Saturday, April 18, 2009

Desire, A Solitary Man

Every main religious impulse in the world comes to terms in some way with a past that is lost and a present that is a poor shadow. It is no accident that so many people who reach the spiritual high ground will claim it is wierdly like remembering what always was, not like discovering some new place, some place never been. No. It is always going home. The Judaeo-Christian-Islam complex speaks of expulsion from the garden. Hindus (and Buddhists) speak of the cycle of the ages and we near the nadir, the Kali yuga. Aboriginal visions speak of an age before this one when things were very different. It is this stream that impressed Jung into asserting that there is an instinctive mental life of image and symbol that must be taken into account in any fully wholesome healed life. To recall the deep places is to recall the pain of loss.


If I were warlock
Enough, I would reach into
The heart of the world
And heal the old pain.
Then I would spread warmth and peace
Like a velvet cloth
Of rich royal red
In a river at flood tide
To soothe our tired lives.

December 26, 2008 4:21 PM

I want you. But not you. I can't reconcile with your otherness. I miss you. I hate missing you. You are too different, not worth it. I will die without you. I hate that too. Not you. I don't hate you. I love you. I hate my need. I hate my shortness of breath. I hate my loss of balance. I eat too much, drink too much, play too hard, obsess too easily, show my panic to clearly, pull into solitude to simplify. I take all this to my guru, saying I wish to climb to heaven. He sends me back to you.

A Solitary Man

So solitary
In the mist, the snow, empty
Space, cold, cold, lonely.
I stand upright, still,
With my thorns out and waiting.
Who will dare touch me?
I've had quite enough.
I've withdrawn to this one spot,
This cold lonely spot,
Hoping I'll be safe.

If you come, be smooth, serene.
Don't startle me now.
No place left to go.
But I miss you, I miss you,
Brittle without you.

December 27, 2008 8:20 AM


  1. I came to your blog through a comment you left on Karen's gleaners poem. I thought the piece you left tied into hers in an eerie tangential way that I liked. I like what I'm seeing here too.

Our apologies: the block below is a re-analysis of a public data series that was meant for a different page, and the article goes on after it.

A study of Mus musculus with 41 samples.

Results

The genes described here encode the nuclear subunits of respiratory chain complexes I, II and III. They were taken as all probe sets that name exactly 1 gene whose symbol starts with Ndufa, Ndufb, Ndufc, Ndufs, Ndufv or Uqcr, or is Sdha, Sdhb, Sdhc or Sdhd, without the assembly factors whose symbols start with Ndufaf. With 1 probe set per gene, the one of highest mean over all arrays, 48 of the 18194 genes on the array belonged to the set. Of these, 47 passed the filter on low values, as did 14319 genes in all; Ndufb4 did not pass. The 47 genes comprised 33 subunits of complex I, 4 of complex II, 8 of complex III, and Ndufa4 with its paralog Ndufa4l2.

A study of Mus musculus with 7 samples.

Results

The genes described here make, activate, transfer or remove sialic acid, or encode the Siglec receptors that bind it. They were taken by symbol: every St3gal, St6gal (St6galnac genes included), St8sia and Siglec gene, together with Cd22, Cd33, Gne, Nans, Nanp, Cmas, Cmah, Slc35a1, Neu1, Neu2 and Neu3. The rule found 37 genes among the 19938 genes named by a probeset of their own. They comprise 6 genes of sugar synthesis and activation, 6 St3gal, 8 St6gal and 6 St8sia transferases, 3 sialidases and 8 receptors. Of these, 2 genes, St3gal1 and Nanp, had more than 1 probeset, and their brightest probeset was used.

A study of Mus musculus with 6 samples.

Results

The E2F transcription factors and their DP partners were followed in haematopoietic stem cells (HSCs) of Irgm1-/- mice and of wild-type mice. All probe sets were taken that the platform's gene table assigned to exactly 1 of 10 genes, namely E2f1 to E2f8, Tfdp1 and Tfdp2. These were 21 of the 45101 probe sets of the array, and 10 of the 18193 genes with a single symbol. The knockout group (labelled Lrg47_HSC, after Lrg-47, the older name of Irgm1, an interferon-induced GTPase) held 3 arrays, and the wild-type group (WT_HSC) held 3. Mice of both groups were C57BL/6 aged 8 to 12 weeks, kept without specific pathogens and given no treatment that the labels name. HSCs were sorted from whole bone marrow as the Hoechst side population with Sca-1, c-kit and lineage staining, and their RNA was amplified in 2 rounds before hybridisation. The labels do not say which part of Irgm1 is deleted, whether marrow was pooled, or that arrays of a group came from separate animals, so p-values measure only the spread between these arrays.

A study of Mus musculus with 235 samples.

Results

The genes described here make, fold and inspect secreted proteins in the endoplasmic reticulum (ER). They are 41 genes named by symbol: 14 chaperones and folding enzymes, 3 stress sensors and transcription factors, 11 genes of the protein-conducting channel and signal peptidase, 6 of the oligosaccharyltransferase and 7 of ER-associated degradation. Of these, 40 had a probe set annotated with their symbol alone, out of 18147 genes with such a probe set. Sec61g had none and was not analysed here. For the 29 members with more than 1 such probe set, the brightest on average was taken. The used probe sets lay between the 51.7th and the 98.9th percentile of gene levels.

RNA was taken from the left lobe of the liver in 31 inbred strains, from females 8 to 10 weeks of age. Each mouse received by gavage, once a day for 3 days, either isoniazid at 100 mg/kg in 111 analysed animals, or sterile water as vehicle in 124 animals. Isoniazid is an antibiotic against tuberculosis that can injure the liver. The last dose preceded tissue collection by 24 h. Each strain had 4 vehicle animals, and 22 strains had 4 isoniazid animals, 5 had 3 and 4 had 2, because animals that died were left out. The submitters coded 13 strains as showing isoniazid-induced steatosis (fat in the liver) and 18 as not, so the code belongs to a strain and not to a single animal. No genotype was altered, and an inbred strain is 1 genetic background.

2. This is beautifully sad, Christopher.
    Lines I especially like:

    "With my thorns out and waiting.
    Who will dare touch me?"


    "If you come, be smooth, serene.
    Don't startle me now."

  3. Christopher, that second one, you could have climbed inside my head and written that. Touched a nerve.

  4. Mairi - Thank you for your comment. Eerie tangential way...I have written of my lover, the lady of the moon. When we formed our relationship, which was to be an overtly lived fantasy, we both agreed her name was to be Maire.

    Karen - I am always happy to hear that certain phrases stand out, however, I am sure the "perfect" poem would have no standout phrases.

    Rachel, I often feel that way about your poetry too. I have already taken to accepting you as sister to my soul.

  5. "......If you come, be smooth, serene.
    Don't startle me now.
    No place left to go.
    But I miss you, I miss you,
    Brittle without you." ♥♥♥♥

  6. I wonder if we're all looking to each other for healing. Your poetry makes me think so, if not god, then each other. Or is it all the same?

    Thanks for your interesting perspective at my place today.

  7. The images are strong and dark in this one. It truly puts me in a mood...that's powerful stuff. All the best. LL

  8. Ghost, if you were Jacqueline Bouvier and I were Jack Kennedy then I would marry you if you said yes, but I guarantee you I absolutely will not run for president ever anywhere even if I were Jack.

    Erin, It is what I do, look at the world from different eyes if I can. Of course I got help by reading in this case many VietNam novels as well as being of the age to know the stories. I was once five miles from the war, straight up. It is one of the wierd things about VietNam, flying from Taipei to Hong Kong to Bangkok, you fly guide on Danang. That never stopped even at the height of the war. I am sometimes criticized for taking my views even though they are not my only views, in this case - when the prostitutes landed a man who loved them, even for a time, then they thrived for that time even if it was a fantasy long term. And sometimes those men went nuts discovering they couldn't make it work that the military and VietNam made it really hard to get exit visas for their lovers.

    Lorenzo, nice to have you here.


The chicken crossed the road. That's poultry in motion.